From March 27th to March 31st, the team from the EU funded SWITCH-Asia project Rurenergy: Promoting sustainable residential energy consumption in rural China completed their inaugural field trip to Henan and Gansu, two provinces that are the targets of this sustainable energy consumption project. Implemented by The Wuppertal Institute for Climate, Environment and Energy (WI), together with its local partners, Rurenergy promotes the adoption of cost-effective energy retrofitting solutions for rural households, integrating thermal performance improvement and sustainable renewable heating and cooking. The project is also invested in promoting energy efficient behaviour change among rural households in the provinces of Henan and Gansu.
During the trip, professional training sessions were conducted on technology solutions, business models, and policies for energy-efficient buildings and clean heating, with over 260 representatives from Shanxi and Henan local construction and heat supply companies, professionals, and village committees attending.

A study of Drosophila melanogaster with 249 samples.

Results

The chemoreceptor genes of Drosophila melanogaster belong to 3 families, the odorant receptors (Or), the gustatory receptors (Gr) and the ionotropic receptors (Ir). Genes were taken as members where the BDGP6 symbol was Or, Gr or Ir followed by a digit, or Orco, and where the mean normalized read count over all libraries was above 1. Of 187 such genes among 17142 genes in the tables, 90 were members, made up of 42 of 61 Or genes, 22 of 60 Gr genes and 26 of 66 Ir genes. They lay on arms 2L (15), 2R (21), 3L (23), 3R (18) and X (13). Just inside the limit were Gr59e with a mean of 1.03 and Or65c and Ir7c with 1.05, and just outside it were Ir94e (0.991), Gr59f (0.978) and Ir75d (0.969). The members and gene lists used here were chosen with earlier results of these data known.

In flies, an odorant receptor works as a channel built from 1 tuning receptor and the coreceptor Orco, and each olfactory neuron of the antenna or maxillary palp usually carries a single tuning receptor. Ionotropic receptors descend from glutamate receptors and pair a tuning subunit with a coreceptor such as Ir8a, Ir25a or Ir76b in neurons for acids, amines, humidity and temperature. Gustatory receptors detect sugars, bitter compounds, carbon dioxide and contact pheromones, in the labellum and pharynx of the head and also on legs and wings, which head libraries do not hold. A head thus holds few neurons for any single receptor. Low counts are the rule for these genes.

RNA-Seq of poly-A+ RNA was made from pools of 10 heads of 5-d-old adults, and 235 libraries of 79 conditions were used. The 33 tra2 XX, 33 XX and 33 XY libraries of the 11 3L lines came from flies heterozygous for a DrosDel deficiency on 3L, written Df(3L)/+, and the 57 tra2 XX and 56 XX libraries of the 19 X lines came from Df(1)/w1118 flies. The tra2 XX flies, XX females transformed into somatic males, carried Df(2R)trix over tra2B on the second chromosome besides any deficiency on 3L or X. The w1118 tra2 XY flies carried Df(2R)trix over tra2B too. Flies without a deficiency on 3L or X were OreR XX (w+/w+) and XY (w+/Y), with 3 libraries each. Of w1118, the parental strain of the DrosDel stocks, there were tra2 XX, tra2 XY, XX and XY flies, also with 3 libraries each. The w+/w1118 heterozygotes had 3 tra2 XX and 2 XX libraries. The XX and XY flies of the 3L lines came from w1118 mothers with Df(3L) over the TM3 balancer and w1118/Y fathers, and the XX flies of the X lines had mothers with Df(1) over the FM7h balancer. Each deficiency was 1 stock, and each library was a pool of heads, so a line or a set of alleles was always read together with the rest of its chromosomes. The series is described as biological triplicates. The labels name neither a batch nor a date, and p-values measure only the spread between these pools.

In addition to the training sessions, a series of stakeholder meetings were also held with local village leaders, construction authorities, and companies to better understand the barriers to implementing energy efficiency and clean heating in rural areas. During the meetings in Henan, the team gained valuable insights into the need for innovative business models and green financing to support energy retrofits of rural houses, as farmers have limited financing capacity. Village committee leaders also highlighted the lack of trust in renewable energy companies and agreed that reliable intermediaries, such as industrial associations, could serve as a bridge between farmers and companies to enhance trust.
In Gansu, the project team met the company implementing heat pump solutions for rural households and village leaders. While the implementation of technology has been smooth, challenges remain, such as high operational costs for heat pumps due to high electricity prices and potential unfair cost-sharing among farmers under the current area-based tariff system. However, bank stakeholders in Gansu expressed interest in developing green financing and are willing to explore pilots with viable business models that are guaranteed by the local government.
Visits to pilots in the two provinces that have received technical support from the project since last year have also been conducted. In one pilot, energy retrofitting was combined with solar roofing, while in the other, air-source heat pumps were installed. The team interviewed families to assess usability, costs, and thermal comfort.
Overall, the 5-day field trip was informative and will help the Rurenergy project to further adapt its designed business models and green financing products to scale up sustainable energy consumption in rural China.